BBC R&D works on Open Source video codec

BBC (British Broadcasting Corporation) is working on an Open Source video codec. Many video codecs are proprietary, and this has been one of the limitations people observe when trying to operate with a completely free/libre computing platform.

The BBC seems to be doing quite a few publicly-minded projects, including their Creative Archive which will include content under Creative Commons licenses.

Canadians should ask: where is the CBC in this movement? (Hint: CBC download references a large number of proprietary vendors, including referencing proprietary codecs from RealNetworks and Apple for audio/video)

Important MPs

MPs with positions relevant to copyright reform

This page is an attempt to identify the most relevant MPs from
the perspective of copyright reform. If you are a constituent for
one of these MPs, you can help ensure that they are well-educated
on the issues.

Canadian Heritage

Standing Committee on Canadian Heritage (CHPC)

Minister - Hon. Liza Frulla, Jeanne-Le Ber (Quebec)

Wired: Copyright Crusaders Hit Schools

For the third year in a row, software companies are supplying schools with materials that promote their antipiracy position on copyright law. But for the first time this year, the library association is presenting its own material, hoping to give kids a more balanced view of copyright law.

Read full article in Wired News...

See also: “Make it legal: don't litigate, use creative licensing” campaign:

Open-ILS.org: Library softwre by librararians for librarians...

From the Open-ILS.org FAQ:

2. Why did we decide on the open source software model?

We decided on open source for our development model for both pragmatic and philosophical reasons. The open source community is a natural ally of the library community. Both try to enrich their members through sharing and disseminating knowledge, and both are open to everyone, private or public, commercial or non-commercial.

Software Freedom Day: August 28, 2004

On August 28, 2004, we will celebrate the first annual Software Freedom Day. On that day, we will make the world aware of the virtues of Free and Open Source Software (FOSS), and encourage its widespread use.

This is a global grassroots marketing campaign in which we are inviting volunteers from around the world to participate.

See also: PR: TheOpenCD 1.4.1 Released--Software Freedom Day Special Edition

A blueprint for better copyright

Imagine an Ontario government initiative that responded to rising concern over speeding on provincial highways by installing hundreds of automated radar guns to identify cars that failed to obey the speed limit. Rather than sending a speeding ticket to those caught by the system, however, the government instead sent a bailiff to confiscate the car keys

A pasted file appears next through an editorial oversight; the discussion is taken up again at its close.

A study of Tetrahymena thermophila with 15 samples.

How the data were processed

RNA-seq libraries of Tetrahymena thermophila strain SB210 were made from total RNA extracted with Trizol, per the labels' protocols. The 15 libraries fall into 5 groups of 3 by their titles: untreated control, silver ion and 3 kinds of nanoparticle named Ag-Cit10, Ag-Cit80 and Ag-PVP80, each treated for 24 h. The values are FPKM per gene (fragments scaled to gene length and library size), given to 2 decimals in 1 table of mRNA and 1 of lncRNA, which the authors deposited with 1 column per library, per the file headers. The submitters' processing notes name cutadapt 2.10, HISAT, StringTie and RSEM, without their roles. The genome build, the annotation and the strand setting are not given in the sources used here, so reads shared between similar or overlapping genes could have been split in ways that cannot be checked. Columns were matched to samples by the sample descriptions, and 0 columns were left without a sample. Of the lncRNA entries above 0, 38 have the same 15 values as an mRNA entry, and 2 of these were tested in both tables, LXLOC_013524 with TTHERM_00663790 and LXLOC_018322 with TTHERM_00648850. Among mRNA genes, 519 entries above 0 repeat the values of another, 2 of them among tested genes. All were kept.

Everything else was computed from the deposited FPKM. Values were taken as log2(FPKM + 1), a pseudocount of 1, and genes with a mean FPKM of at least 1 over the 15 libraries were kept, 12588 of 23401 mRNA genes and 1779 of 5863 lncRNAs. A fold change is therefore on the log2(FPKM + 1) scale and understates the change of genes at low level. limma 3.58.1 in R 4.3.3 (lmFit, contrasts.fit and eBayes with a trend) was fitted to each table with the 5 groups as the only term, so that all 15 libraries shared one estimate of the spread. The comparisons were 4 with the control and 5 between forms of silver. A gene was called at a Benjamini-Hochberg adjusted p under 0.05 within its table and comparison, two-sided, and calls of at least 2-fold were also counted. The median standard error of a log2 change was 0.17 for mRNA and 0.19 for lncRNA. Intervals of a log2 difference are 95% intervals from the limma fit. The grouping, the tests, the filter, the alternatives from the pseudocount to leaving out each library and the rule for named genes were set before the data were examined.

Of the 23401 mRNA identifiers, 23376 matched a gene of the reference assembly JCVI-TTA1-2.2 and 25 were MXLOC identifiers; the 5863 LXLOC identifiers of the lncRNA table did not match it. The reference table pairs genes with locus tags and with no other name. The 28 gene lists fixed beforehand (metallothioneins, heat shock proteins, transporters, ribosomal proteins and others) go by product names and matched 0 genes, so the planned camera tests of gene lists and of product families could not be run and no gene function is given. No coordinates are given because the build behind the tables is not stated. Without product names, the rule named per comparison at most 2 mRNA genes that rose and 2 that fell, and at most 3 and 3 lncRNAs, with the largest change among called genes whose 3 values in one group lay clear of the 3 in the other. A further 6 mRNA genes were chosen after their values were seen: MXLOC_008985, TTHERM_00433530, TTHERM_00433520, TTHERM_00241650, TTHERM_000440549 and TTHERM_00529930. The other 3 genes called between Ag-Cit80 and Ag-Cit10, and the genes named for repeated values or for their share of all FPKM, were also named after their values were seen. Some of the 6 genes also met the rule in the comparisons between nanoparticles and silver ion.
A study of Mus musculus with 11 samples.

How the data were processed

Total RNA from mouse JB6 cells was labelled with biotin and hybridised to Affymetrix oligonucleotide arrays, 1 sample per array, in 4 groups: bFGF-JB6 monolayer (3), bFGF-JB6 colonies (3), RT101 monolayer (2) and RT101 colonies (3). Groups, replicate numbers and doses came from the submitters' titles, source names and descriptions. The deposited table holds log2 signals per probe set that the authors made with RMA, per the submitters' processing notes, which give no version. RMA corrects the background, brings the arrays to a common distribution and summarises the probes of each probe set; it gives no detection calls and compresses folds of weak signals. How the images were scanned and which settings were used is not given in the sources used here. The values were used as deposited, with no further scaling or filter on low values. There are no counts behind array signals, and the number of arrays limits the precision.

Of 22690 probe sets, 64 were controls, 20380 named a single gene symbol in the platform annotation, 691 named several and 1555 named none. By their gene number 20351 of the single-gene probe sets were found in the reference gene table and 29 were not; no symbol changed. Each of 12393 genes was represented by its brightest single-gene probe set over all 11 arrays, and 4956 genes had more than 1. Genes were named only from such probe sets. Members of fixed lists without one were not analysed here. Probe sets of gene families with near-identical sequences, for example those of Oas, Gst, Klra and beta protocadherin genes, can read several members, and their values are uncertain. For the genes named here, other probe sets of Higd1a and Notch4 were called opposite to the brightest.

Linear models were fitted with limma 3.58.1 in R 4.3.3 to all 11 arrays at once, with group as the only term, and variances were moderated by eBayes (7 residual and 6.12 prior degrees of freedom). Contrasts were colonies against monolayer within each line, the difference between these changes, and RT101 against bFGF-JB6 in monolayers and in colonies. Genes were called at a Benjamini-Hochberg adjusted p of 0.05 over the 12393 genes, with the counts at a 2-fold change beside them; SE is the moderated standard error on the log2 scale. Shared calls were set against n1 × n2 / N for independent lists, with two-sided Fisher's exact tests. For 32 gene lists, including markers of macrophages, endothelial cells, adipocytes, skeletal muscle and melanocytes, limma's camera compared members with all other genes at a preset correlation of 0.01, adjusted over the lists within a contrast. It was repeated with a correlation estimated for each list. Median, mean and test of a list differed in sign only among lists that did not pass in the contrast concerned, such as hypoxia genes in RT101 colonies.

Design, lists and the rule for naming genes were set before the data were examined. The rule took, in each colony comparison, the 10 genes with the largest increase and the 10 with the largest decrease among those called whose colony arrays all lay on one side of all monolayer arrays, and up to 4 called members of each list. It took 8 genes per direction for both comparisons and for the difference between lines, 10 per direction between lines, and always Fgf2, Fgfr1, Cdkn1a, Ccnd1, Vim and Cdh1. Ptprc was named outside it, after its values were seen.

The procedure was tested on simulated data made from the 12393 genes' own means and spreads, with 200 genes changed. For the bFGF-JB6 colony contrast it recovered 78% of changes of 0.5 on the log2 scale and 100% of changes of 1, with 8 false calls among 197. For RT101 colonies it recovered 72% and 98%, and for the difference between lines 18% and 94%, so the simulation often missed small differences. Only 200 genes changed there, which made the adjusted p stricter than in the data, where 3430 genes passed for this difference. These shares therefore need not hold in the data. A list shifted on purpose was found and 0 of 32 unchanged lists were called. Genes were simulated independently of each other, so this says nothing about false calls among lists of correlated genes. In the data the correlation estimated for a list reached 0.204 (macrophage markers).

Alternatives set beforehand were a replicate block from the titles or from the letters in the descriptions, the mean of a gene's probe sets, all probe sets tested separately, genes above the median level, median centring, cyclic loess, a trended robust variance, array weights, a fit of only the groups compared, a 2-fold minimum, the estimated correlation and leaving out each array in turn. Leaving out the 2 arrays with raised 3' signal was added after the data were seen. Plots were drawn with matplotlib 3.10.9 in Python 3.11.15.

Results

Full article by Michael Geist in Toronto Star...

OpenCity FreedomFest (Winnipeg, Manitoba)

OpenCity FreedomFest is a freeform festival celebrating free culture, indy politics and Open Source Software.

It takes place August 20-22 in Winnipeg's Exchange District. It's about an uprising and convergence of social innovation, cultural innovation, and technological innovation, celebrating unmediated interaction.

This event is sponsored by the Prairie Linux User Group http://www.plug.ca

See: OpenCity FreedomFest post to CanOpenER.ca.

SPARC Open Access Newsletter and Discussion Forum

Peter Suber offers a great newsletter and forum for Open Access.

I was forwarded a copy of the Aug 2 issue which included references to movements within the UK and US governments to support (or mandate) Open Access for government funded research. This logic can extend to all forms of research funded by governments, as well as to things such as government created software.

Canada's CIO branch offers position on Open Source Software

A document part of the Federated Architecture Program documents the position on Open Source Software.

Existing Canadian federal legislation, agreements and policies accommodate a wide variety of business models for public sector software acquisition, use, production and distribution. Accordingly, software solutions used in the Government of Canada come under many license types, including certified "open source" or "free/libre" software licenses.

CIPPIC replies: Russell McOrmond (Webmaster for Digital-copyright.ca)

I was not a candidate in the previous election, but I believe it would be useful for people actively involved in technology law issues to offer their own thoughts on the questions for parties and candidates from the Canadian Internet Policy and Public Interest Clinic (CIPPIC).